LONDON - Britain’s high court dealt a blow to backers of Britain’s exit from the European Union, or Brexit, by ruling Thursday the government must consult Parliament before starting the disengagement.
Proponents of the decision, made by voters in June, say they will appeal.
Prime Minister Theresa May has said she will trigger Article 50 of the Lisbon treaty in March to begin the process of disengagement and start negotiations to end Britain’s membership in the European Union.
The decision is a disappointment for May, and there are now questions on whether the British leader will meet that deadline.
May to appeal decision
At Number 10 Downing Street, the reaction was swift. A spokesman for the prime minister said May still believes she can evoke Article 50 by the end of March. Her government plans to appeal the Supreme Court ruling in December.
"We have no intention of letting this derail our timetable," the spokesman said.
Opponents of Brexit claimed that May’s intention to unilaterally invoke Article 50 was unconstitutional and the process should begin only after receiving input from Parliament.
In principle, the court agreed.
In announcing the ruling Thursday, the court said it did not accept the arguments presented by the government, and ruled there is nothing in the law that supports the government’s right to change domestic law on its own, without Parliament’s approval.
"The most fundamental rule of the UK's constitution is that parliament is sovereign," said Lord Chief Justice John Thomas.
Analysts say the court’s decision is not about the principle of Brexit and whether Britain should leave the European Union, but about the specifics of the process by which the voters’ decision will be carried out.
Boost for anti-Brexit politicians
Still, observers say the ruling is a boost for anti-Brexit politicians, who plan to use the court ruling in their arguments in Parliament. In a statement Thursday, Labour party leader Jeremy Corbin praised the ruling, which he said reaffirms there must be “transparency and accountability to Parliament on the terms of Brexit.”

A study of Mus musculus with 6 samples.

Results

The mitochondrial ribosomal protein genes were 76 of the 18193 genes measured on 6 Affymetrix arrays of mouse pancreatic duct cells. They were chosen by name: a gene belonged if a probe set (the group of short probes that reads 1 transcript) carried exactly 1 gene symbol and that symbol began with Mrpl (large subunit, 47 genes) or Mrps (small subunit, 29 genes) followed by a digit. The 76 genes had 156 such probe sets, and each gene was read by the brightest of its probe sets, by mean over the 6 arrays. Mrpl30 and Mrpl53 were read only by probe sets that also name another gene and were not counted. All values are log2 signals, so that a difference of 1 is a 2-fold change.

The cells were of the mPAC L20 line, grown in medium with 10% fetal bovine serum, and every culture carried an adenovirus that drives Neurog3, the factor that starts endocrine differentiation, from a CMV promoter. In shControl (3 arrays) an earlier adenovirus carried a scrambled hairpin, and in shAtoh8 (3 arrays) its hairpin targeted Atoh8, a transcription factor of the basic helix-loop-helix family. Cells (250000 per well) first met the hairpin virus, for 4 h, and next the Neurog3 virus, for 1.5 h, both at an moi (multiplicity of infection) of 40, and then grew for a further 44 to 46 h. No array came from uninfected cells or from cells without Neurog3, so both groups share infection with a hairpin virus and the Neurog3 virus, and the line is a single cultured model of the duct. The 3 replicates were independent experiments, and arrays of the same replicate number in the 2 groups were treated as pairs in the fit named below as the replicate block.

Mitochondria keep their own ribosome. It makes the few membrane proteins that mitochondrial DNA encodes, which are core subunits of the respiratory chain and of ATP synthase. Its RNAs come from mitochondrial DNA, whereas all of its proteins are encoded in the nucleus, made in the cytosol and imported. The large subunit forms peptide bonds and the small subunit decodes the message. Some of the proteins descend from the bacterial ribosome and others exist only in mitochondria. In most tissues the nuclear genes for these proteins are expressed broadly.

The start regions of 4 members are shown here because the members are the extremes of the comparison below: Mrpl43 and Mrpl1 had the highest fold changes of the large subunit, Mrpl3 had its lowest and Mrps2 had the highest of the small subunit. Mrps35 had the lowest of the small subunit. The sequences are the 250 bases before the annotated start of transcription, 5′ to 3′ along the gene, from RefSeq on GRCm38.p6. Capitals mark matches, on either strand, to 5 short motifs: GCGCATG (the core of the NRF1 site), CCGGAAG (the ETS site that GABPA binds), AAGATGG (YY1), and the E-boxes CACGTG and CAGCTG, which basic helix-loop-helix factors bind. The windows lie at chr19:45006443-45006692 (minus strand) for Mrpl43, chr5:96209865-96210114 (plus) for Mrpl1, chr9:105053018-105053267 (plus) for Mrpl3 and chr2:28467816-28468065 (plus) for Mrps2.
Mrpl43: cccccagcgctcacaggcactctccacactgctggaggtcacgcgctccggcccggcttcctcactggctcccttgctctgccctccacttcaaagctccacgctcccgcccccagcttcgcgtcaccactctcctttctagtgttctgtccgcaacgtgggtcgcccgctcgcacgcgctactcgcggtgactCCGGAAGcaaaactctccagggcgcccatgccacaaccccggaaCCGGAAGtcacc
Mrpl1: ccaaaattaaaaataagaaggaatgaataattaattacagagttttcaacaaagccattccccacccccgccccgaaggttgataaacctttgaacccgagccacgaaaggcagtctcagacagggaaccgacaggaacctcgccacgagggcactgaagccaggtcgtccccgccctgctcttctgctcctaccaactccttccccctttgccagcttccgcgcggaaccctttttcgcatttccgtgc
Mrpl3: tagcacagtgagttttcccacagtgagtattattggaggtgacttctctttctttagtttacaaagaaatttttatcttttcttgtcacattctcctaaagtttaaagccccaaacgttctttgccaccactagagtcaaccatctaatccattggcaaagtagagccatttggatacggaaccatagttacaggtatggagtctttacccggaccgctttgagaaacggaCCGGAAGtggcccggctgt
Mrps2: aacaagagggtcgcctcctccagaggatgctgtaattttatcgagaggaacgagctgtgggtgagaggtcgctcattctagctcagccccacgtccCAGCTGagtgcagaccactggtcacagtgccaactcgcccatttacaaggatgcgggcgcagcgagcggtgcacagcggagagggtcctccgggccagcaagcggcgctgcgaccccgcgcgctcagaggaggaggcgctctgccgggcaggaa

The June referendum was not binding and the British Parliament could, in theory, block Brexit's implementation. A majority of members of Parliament have voiced opposition to Brexit but analysts and polls indicate most would vote in favor of it, since not doing so would amount to political suicide because it would be perceived as going against the will of the people.
The shock vote in June drew 72 percent of Britain’s eligible voters following a bitter campaign that centered on issues of immigration and sovereignty. Polls in the days leading up to the vote had shown a strong lead in favor of those who wanted to remain in the EU.
Proponents of Brexit are now waiting to see what the Supreme Court decides on May's appeal.
"We hope the government would honor the will of the British people to leave the European Union," said Rory Broomfield, director of Better Off Out, a campaign group.
Markets have experienced turbulence since the June vote and the pound has plunged to historic lows, but exports have jumped and economic growth from July through September exceeded forecasts.
The value of the British pound rose after news of Thursday's court ruling.
The months since the vote have been marked by protests among opponents of the decision.